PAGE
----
FILE - The exterior of the U.S. Department of Justice headquarters building in Washington, July 14, 2009.

The Justice Department on Tuesday announced indictments against two Chinese nationals accused of working together to steal trade secrets from General Electric.

Xiaoqing Zheng pleaded not guilty Tuesday in U.S. federal court in Albany, New York.

Co-defendant Zhaoxi Zhang is believed to be in China.

Both are charged with economic espionage and stealing trade secrets. Zheng is also charged with lying to FBI investigators.

"The indictment alleges a textbook example of the Chinese government's strategy to rob American companies of their intellectual property and to replicate their products in Chinese factories, enabling Chinese companies to replace the American company first in the Chinese market and later worldwide," U.S. Assistant Attorney General John Demers said.

He said the United States will not stand by and watch the world's second-largest economy commit "state-sponsored theft."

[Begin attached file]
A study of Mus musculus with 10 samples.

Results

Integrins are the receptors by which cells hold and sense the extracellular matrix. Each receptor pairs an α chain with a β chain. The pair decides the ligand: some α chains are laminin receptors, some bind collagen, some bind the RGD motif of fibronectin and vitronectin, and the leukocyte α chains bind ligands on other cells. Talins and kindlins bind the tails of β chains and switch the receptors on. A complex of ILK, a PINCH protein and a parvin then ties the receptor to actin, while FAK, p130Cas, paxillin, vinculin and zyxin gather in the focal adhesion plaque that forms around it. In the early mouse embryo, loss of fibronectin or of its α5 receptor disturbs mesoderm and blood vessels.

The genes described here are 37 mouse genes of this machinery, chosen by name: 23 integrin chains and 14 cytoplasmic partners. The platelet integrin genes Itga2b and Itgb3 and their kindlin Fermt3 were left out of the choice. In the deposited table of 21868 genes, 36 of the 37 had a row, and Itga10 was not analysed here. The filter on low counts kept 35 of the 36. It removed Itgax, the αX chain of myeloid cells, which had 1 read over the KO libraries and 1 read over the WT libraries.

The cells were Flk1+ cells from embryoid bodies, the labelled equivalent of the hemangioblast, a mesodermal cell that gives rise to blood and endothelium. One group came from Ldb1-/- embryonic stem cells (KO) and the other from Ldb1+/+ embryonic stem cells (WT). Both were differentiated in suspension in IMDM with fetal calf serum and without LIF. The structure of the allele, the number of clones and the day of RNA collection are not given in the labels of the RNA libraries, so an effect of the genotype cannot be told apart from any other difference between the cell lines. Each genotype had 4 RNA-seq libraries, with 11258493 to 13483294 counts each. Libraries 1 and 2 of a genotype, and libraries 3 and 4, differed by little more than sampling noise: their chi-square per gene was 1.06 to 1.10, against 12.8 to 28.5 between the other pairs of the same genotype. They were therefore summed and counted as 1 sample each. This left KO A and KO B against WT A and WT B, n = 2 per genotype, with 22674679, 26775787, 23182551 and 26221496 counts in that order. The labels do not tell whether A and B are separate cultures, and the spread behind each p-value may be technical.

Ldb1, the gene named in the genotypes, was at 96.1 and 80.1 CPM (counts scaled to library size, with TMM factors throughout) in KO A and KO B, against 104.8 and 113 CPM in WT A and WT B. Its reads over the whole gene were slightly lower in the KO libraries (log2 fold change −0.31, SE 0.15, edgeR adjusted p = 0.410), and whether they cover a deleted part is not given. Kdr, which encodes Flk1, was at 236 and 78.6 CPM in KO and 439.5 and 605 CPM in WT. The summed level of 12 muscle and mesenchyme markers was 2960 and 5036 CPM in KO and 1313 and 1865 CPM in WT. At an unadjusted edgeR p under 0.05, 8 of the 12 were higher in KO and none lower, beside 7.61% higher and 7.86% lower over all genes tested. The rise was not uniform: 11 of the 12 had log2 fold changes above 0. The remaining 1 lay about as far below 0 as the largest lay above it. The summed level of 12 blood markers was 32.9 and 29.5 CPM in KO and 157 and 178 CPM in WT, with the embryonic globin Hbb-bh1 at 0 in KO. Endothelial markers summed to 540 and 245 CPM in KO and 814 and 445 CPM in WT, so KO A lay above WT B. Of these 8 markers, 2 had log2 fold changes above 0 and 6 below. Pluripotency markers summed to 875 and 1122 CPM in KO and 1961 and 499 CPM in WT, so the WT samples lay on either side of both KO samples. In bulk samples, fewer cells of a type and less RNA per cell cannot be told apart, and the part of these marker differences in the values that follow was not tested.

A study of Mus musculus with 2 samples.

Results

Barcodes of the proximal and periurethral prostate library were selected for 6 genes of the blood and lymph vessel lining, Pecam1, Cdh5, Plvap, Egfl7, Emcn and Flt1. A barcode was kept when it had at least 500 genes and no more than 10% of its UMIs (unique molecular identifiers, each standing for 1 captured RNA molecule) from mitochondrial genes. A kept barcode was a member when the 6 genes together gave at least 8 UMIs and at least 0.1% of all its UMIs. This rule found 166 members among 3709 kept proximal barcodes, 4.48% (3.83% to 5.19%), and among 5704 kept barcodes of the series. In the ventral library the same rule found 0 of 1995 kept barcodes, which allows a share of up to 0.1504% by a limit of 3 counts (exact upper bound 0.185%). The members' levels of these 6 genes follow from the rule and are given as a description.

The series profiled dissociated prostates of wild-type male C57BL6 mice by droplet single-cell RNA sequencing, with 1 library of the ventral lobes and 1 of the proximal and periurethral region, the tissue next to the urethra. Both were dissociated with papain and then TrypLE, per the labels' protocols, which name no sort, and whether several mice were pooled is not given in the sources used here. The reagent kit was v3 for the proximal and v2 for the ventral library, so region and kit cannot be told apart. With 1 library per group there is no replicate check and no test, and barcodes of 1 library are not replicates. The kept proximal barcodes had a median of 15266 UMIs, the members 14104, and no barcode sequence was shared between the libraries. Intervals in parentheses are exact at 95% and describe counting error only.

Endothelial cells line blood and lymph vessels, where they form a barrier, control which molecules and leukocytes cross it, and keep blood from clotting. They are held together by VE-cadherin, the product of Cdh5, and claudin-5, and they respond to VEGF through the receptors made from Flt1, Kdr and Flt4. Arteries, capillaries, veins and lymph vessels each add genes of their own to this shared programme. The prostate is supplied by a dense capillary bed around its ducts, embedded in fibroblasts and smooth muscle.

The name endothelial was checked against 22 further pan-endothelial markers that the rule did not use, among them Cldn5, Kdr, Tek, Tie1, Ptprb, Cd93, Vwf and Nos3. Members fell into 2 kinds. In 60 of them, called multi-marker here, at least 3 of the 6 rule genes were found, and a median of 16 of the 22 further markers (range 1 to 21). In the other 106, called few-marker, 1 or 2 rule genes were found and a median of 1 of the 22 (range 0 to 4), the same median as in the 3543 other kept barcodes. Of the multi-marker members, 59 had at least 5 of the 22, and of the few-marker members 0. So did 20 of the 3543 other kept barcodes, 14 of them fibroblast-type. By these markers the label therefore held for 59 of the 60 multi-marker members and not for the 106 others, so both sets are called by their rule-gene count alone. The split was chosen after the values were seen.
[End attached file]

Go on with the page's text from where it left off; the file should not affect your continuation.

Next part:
Zheng was an engineer at General Electric's power and water plant in Schenectady, New York.

U.S. prosecutors allege he stole multiple electronic files describing designs and engineering of GE gas and steam turbines and emailed them to Zhang. The indictments accuse the pair of using the stolen information to profit from their business interests in two Chinese companies — Liaoning Tianyi Aviation Technology and Nanjing Tianyi Avi Tech.

Prosecutors say the two defendants knew their activities would benefit the Chinese government.

If convicted, Zheng and Zhang could spend 25 years in prison and be fined more than $5 million. Zheng could also face an additional five years and a $250,000 fine for allegedly lying to the FBI.